Don’t let anyone tell your turkey is dry and boring! Spreading the margarine and herbs under the skin covering the breast and the outside of the whole turkey adds incredible flavor. The apricot-ginger glaze gives the skin a sticky crisp texture and mouthwatering taste. Tenting the turkey mid roasting helps it retain its moisture so that the results are finger licking good. I’ve made this recipe using large turkeys and small ones and the results are always praise worthy. Don’t ignore the remaining turkey frame. Be sure to try my Turkey Soup!
Prep time: 30 minutes
Note: Tie the turkey legs together with butcher twine for a more perfect presentation. You can also tie the wings in place.
Apricot Glazed Turkey
By November 30, 2014Published:
- 18 Servings
- 20 pound turkey cleaned
- 1 cup Non-dairy Margarine softened
- 2 tablespoons dried thyme
- 2 small bunches Fresh Sage
- 1 small bunch Fresh Thyme
- 1 cup apricot nectar
- 1 cup apricot preserves
- 1 tablespoon honey
- 4 inches Fresh Ginger root peeled and minced
- 6 cups Fresh/Boxed Low Salt Chicken Broth
- 1/2 cup flour
- 1 large roasting pan if using foil pans-double them
- 1 non-stick turkey rack
- 1 small mixing bowl
- 1 baster
- heavy duty foil
- 1 large pastry brush
- 1 meat thermometer
- 1 slotted spoon
- 1 fine strainer
- 1 large saucepan
- Adjust racks in your oven to make room for turkey. Preheat oven to: 400° F.
Place rack inside roasting pan. Rinse off turkey inside and out, pat dry and place on rack-breast up.
- Chop leaves from one bunch of sage. Discard stems. Mix sage leaves and dried thyme with soft margarine. Place your hands (I wear plastic gloves for this) underneath the skin on the breast and push through the membrane on both sides. Then, take small amounts of the herbed margarine and place it under the skin. Go as far back as you can. Press down on top of the skin to flatten out the margarine. Do this on both sides of the breast until it looks pretty much filled. I use a little more than half the margarine in the bowl. Take the rest of the herbed margarine and spread it over the top of the turkey-including the wings and legs. It won't be even when you do it; but it will spread out as it roasts. Place a small bunch of fresh thyme and remaining bunch of sage and insert them into the turkey's cavity-leaves first. Place turkey in oven. Roast for 30 minutes. While turkey is beginning to roast, place minced ginger, nectar, preserves, and honey in saucepan and melt over low heat. (you can use a microwave as well for this step) Reduce oven to 325° F. Roast 90 minutes more-basting every 20 minutes. After 90 minutes, pull out oven rack slightly, and tent turkey with foil. Roast 60 minutes longer and remove foil.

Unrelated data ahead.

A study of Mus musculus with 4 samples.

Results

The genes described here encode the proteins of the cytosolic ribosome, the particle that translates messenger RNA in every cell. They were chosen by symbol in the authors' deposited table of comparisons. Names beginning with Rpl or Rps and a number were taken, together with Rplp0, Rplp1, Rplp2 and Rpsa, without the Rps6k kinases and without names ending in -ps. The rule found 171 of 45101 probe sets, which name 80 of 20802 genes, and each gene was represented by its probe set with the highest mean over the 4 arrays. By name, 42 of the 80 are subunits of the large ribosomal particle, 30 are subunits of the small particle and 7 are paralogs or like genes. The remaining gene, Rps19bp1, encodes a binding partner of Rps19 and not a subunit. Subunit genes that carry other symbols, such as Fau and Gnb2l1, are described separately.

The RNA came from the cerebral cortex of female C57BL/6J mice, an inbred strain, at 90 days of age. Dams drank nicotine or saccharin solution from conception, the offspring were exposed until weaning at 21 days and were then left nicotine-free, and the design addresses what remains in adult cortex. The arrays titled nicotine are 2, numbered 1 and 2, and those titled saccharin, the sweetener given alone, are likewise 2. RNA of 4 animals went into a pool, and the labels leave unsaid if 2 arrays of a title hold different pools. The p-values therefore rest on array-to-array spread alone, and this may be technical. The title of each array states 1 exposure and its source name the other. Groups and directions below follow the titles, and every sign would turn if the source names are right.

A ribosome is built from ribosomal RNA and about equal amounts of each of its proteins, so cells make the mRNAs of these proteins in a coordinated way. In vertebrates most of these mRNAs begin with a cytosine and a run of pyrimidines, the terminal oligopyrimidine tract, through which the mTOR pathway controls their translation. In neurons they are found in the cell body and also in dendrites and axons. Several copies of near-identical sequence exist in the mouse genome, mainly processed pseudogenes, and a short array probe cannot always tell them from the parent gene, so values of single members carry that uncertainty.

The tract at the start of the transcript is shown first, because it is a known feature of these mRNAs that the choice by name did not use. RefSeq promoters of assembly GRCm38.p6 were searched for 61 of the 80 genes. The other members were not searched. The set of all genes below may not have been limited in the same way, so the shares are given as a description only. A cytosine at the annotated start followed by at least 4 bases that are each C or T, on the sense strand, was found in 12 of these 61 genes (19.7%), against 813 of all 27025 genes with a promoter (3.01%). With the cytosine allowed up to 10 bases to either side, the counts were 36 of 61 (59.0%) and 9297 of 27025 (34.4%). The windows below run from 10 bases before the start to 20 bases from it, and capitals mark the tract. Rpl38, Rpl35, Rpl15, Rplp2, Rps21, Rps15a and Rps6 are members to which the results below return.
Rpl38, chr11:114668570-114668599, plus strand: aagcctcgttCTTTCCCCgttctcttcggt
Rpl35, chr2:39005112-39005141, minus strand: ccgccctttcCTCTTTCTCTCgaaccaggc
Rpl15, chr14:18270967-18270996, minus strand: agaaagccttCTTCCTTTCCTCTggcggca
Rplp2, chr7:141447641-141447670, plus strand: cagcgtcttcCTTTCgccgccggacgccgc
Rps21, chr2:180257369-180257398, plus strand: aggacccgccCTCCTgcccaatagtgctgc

- After removing foil, brush glaze generously over entire turkey. Roast 1-2 hours longer brushing turkey with glaze every 15 minutes. Turkey is done when meat thermometer reads 180° F. and juices run clear. When you grab the legs with a pot holder or paper towel, they should shake easily in their sockets. Remove turkey from oven and cool 15 minutes. The skin will be sticky so carefully remove turkey from the rack and place it on a platter or cutting board. Save pan drippings for gravy. Tent turkey with foil until serving or carving time. Ideally, your turkey should rest 20-30 minutes before carving; so the juices settle in the bird. it will also be easier to carve.
- Gravy: Pour off most of the fat from the roasting pan. Remove pieces of apricot and ginger with a slotted spoon and set aside. Sprinkle flour over drippings and stir briskly until a paste has formed. Pour chicken broth slowly over the paste and briskly stir again until gravy has formed. Strain gravy into a saucepan. Add reserved apricots and ginger to gravy. Taste for seasoning. Add salt and pepper if desired. Serve hot with turkey.
- Note: The neck and gizzard usually come with the turkey. I simmer them both with a medium onion for about 30 minutes before stripping off any skin or fat that is still visible. The, I scrape the meat off the neck and mince the gizzard and add them to the gravy. Alternatively, you can freeze the neck and gizzard raw and add them to any soup or stock you make.